Lesley Francis new 2019.jpg

When people here in Coastal Georgia ask me when I am next going “home,” I always answer that I am home.

Maybe I am unusual, as I know many British (and people of other nationalities) who have lived here even longer than I have who still talk wistfully about land of their birth as “home.”

I moved to Coastal Georgia over 10 years ago, directly from London, England, and have been a proud U.S. citizen since 2012, submitting my application for citizenship on the absolute earliest day that Uncle Sam allowed me to apply.

My favorite holidays are July 4th and Thanksgiving, which are obviously not celebrated in the U.K., and I love the “Star Spangled Banner” and the Pledge of Allegiance. So, citing a very American expression, I guess you could say “I have drunk the Kool-Aid.”

With Thanksgiving next week, I have been thinking a lot about our family’s traditions that developed since I emigrated and how much I have to be thankful for. I love it here and I am very happy and very blessed.

Do I love Great Britain? Of course I do. When people ask me what I miss besides my friends and family, there are, naturally, lots of things.

Some of them are obvious like the green English countryside with lambs and daffodils, favorite traditional foods like proper fish and chips and tea with scones, and very British traditions like royal weddings, the Queen’s Christmas Day Speech, and Boxing Day (the day after Christmas).

I miss the ironic humour (which is how the British spell it), the cultural references from my childhood, and the “mustn’t grumble” stoicism of the British.

I am lucky that we have air miles aplenty (thanks to my husband’s world travelling job) and I have lots of places to stay when I visit, so I can easily get back to the U.K. once or twice a year.

I also have the flexibility to work some remotely since I have a group of dedicated professionals supporting me back at LFPR’s office when I go to the U.K.. As I often say, I am not like one of the GI brides who got on the ship after the Second World War for a far-off land never to return.

Of course, I did tear up when our plane left Heathrow airport for the “big move” 10 years ago, but I was also excited. And now when I return for a visit, it feels like Britain is not the same as it was when I left in early 2009.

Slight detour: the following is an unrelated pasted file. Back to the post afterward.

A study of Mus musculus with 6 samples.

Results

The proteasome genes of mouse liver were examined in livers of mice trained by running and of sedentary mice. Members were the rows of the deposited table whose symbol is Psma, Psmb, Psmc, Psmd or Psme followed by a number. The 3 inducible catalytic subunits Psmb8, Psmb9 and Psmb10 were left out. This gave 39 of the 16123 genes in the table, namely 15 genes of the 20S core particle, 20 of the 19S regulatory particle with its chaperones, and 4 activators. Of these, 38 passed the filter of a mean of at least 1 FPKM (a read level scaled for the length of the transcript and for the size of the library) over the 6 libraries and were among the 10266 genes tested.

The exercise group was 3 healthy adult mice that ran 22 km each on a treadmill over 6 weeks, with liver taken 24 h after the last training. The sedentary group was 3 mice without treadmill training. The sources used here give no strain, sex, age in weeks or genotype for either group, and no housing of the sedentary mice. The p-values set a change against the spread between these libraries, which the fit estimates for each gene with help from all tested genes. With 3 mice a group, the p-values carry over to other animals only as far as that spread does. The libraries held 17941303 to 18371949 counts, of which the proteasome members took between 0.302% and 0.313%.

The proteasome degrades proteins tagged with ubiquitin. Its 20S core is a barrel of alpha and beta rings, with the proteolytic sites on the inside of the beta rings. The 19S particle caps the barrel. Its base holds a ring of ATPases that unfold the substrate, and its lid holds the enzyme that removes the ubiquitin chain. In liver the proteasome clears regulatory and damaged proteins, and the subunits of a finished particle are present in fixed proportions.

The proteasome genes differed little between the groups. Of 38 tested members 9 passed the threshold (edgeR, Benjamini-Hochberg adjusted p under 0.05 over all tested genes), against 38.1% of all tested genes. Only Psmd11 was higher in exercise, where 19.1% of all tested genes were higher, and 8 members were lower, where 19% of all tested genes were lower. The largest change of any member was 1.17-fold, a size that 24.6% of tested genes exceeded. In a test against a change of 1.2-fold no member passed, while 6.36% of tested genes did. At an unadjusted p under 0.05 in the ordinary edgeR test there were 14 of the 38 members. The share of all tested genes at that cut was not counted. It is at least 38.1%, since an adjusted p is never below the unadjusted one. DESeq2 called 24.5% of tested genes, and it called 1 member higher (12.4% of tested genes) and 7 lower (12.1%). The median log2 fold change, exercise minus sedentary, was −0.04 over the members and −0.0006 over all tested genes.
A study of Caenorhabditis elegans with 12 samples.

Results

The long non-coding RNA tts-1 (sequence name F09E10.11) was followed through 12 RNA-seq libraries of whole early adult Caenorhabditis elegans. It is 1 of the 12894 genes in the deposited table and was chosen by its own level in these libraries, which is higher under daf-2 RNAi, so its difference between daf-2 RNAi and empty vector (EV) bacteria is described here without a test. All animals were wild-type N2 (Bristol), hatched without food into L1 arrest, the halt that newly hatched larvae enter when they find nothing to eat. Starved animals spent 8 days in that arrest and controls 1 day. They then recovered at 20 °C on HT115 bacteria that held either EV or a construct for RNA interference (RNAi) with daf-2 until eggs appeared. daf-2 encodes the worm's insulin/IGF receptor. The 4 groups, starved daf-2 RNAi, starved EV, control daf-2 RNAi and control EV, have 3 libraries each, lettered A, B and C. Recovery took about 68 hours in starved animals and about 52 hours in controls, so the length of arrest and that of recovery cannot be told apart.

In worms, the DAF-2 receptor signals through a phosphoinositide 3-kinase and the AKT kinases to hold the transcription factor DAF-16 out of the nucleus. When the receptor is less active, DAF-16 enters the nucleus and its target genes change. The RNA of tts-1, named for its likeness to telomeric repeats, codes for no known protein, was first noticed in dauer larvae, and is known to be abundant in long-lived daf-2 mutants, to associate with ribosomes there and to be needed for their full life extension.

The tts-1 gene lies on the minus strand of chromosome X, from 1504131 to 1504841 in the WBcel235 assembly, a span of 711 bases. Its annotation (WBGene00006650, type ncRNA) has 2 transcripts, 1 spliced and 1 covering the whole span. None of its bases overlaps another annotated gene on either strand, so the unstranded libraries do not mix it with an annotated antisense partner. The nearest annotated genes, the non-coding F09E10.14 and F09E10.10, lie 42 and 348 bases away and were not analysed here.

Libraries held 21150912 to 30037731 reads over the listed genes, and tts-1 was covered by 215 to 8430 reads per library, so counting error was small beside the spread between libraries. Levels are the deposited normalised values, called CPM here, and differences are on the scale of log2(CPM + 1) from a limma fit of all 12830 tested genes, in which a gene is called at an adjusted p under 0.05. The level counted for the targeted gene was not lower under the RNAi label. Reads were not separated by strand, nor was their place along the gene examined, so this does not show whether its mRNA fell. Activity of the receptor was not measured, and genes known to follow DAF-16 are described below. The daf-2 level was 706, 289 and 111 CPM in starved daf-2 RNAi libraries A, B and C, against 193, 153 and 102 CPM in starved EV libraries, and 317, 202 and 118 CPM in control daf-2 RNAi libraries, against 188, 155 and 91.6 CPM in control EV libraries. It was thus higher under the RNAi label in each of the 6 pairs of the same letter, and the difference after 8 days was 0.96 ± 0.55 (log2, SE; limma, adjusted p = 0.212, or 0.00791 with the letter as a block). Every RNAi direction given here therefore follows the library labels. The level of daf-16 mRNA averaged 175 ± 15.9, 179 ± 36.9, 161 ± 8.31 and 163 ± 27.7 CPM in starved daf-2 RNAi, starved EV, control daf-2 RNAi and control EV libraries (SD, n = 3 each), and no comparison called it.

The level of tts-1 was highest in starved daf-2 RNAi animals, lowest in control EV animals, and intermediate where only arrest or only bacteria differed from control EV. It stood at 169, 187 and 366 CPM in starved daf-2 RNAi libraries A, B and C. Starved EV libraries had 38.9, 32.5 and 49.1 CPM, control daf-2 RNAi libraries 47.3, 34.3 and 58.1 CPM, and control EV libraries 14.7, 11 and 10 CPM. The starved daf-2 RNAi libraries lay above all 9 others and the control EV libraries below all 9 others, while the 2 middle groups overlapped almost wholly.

In some ways I feel that I don’t really 100% “fit” anywhere. In this part of the world, I will always be “the short English woman who does PR,” and I get asked dozens of times a year (really!) where I am from and do I like it here. 

However, no matter how much I learn from my American husband, family and co-workers about the language and culture, I still don’t always “get it” even if I understand intellectually.

When my husband sings the Oscar Meyer wiener song, or someone asked me “Where’s the beef?” with everyone in the room (other than me) chuckling, I feel like I am not only on another continent but on another planet!

On the other hand, I have missed over a decade of history and cultural development in the U.K., and London has changed enormously since I left. So, I sometimes feel exactly the same way over there.

I am somebody who never does things half-heartedly. When I decide to do something, I will move heaven and earth to make it happen. If I commit to a work project, social engagement, volunteer project or a person, pet or country, there are no half measures.

I am stubborn and determined and know that this can sometimes be a little challenging for those around me – but America, I am committed to you, and I am here to stay.

I say goodbye this week with an appropriate quote from all the way back to ancient Rome by Pliny the Elder, “Home is where the heart is!” America, I am home.

God bless America and Happy Thanksgiving!